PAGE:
New to Babywearing
Babywearing explained, with lots of advice from our support team.
Carrying your baby in a sling is a wonderful bonding experience and offers many benefits for parents, carers and babies.
Salford Sling & Meet has a wide choice of slings for hire, to enable parents to try out a variety before deciding which to buy.
Whether you are completely new to baby wearing or an experienced baby wearer, pop in to one of our library sessions for a brew, some cake, chat to the other parents and try out some of our slings.
Babies are happiest being held.
It is natural for a baby to be close to its parents. Babywearing is a great practice for keeping baby happy and to help build a stronger bond between the Parent, grandparent, caregiver, and baby.
Good for baby’s physical development: By being so close to your body’s rhythms, your newborn “gets in rhythm” much quicker. Your heartbeat, breathing, voice, and warmth are all familiar. Research has shown how this helps newborns (especially premature babies) to adapt to life outside the womb helping them to regulate their own heart rate and temperature.
Good for baby’s mental development.
Babies spend more time in a “quiet, alert state” when carried – the ideal state for learning. Their senses are stimulated while being carried (yet there is a place to retreat too). When carried, your baby sees the world from where you do, instead of the ceiling above his crib or people’s knees from a stroller. And the extra stimulation benefits brain development, You will find you talk and engage with your child more while they are at your height.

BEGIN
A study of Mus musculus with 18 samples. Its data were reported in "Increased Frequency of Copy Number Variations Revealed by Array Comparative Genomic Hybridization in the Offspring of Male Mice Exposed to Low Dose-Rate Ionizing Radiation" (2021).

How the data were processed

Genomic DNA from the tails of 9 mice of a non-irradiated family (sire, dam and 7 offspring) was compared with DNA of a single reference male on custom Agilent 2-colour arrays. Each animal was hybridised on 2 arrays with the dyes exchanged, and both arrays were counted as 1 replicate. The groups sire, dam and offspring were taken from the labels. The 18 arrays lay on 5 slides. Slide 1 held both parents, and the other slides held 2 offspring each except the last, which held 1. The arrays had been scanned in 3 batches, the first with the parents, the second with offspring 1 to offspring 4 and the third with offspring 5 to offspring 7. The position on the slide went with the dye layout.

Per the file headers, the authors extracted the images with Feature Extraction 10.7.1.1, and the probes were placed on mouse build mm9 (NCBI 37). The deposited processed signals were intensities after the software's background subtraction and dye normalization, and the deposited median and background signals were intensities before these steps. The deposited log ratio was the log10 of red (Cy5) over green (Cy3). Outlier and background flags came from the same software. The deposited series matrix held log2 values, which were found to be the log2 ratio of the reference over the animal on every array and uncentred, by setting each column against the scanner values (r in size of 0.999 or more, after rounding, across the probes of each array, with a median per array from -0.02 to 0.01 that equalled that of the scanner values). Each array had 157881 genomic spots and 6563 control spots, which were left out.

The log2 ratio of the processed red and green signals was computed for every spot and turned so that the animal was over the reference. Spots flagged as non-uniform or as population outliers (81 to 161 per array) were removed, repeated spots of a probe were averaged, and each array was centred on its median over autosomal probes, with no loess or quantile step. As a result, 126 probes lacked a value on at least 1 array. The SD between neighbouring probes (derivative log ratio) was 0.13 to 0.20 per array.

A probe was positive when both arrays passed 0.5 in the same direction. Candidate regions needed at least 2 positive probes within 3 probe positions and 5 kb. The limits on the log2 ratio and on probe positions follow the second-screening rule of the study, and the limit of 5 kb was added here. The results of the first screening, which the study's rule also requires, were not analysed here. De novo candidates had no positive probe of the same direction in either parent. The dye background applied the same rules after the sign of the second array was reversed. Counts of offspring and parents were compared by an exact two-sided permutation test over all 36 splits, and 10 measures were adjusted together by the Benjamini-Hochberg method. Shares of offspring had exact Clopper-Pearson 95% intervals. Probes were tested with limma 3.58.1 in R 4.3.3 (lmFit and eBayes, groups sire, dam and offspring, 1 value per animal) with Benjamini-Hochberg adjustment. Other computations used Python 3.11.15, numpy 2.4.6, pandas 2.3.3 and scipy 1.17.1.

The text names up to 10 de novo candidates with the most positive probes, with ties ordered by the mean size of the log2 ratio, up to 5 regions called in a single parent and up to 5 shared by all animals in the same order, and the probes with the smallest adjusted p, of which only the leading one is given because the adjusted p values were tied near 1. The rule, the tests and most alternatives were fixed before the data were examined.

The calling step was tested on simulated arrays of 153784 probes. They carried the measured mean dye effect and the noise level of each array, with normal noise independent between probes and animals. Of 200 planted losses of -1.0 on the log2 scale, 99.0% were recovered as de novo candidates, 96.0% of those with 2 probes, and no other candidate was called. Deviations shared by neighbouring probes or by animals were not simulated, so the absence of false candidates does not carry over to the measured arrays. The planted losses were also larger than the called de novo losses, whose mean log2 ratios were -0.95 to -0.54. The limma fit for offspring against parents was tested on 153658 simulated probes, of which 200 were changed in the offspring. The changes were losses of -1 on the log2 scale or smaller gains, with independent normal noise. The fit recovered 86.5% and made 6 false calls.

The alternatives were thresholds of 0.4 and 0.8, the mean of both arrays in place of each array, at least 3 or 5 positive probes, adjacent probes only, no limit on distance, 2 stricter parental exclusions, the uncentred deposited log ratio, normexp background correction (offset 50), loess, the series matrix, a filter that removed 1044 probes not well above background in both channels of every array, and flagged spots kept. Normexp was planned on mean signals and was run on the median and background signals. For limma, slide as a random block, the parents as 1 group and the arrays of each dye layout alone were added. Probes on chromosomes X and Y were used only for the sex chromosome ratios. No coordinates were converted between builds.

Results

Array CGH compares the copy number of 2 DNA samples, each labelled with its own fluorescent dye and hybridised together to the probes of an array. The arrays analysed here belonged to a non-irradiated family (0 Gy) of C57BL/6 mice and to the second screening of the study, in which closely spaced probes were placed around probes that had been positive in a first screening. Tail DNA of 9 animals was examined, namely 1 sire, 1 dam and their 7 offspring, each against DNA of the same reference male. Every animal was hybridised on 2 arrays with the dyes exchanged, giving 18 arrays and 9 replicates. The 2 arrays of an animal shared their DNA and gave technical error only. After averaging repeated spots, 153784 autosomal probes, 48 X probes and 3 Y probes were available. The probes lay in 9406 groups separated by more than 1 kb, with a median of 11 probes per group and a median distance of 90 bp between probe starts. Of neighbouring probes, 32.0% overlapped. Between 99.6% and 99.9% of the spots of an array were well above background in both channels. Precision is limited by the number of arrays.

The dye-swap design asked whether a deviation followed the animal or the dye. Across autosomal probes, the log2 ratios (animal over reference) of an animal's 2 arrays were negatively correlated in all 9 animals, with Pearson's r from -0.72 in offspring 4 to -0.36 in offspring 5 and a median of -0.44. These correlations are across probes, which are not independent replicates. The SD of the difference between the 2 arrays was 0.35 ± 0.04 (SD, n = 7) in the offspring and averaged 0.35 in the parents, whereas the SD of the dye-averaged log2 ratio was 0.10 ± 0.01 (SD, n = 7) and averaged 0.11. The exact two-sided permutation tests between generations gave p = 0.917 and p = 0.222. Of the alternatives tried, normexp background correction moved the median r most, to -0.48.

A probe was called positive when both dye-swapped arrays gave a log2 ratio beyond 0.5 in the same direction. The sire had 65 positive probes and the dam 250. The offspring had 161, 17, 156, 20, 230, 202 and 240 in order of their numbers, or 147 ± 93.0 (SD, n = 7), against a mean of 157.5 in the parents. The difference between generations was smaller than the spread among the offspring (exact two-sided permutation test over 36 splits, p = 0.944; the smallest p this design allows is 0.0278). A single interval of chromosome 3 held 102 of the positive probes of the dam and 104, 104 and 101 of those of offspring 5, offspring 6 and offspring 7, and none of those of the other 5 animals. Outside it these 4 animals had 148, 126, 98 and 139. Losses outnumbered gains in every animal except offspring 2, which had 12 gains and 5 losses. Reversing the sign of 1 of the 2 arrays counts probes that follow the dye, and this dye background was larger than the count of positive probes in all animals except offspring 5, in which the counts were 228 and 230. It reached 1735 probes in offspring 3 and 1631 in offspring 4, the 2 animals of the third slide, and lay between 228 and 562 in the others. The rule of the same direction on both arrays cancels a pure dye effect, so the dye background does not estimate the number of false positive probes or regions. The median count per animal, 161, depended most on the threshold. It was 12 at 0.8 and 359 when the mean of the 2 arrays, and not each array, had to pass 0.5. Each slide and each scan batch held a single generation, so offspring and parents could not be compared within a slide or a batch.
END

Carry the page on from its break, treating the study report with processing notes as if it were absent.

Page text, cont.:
Research has shown that babies who are carried cry 43% less overall.
Babies cry less: Research has shown that babies who are carried cry 43% less overall and 54% less during the evening hours. In cultures where babies are carried almost continuously, babies cry much less than those in non-carrying cultures.
The Brief History of Babywearing.
“Babywearing is the practice of wearing or carrying a baby in a sling or carrier. Babywearing has been practiced for centuries around the world. Babywearing has gained popularity in recent decades. Part of the reason for this shift is due to the influence of advocates of attachment parenting. Babywearing is a form of baby transport which can be enjoyed for as long as mutually desired, often until toddlerhood and beyond.
In Africa, kanga and kitenge fabrics were part of dress fabric used as an apron, a blanket to sit on and a general carrying aid. In Mexico, the rebozo, which was a general purpose carrying cloth which each woman carried at all times was used to carry babies in. In India, women tied babies into part of their saris and in Borneo rattan baskets were used. Closer to home, in Wales the Welsh blanket was used by both men and women regularly to carry babies until the 1950s, when the mass production of prams and buggies meant that their usage virtually died out.”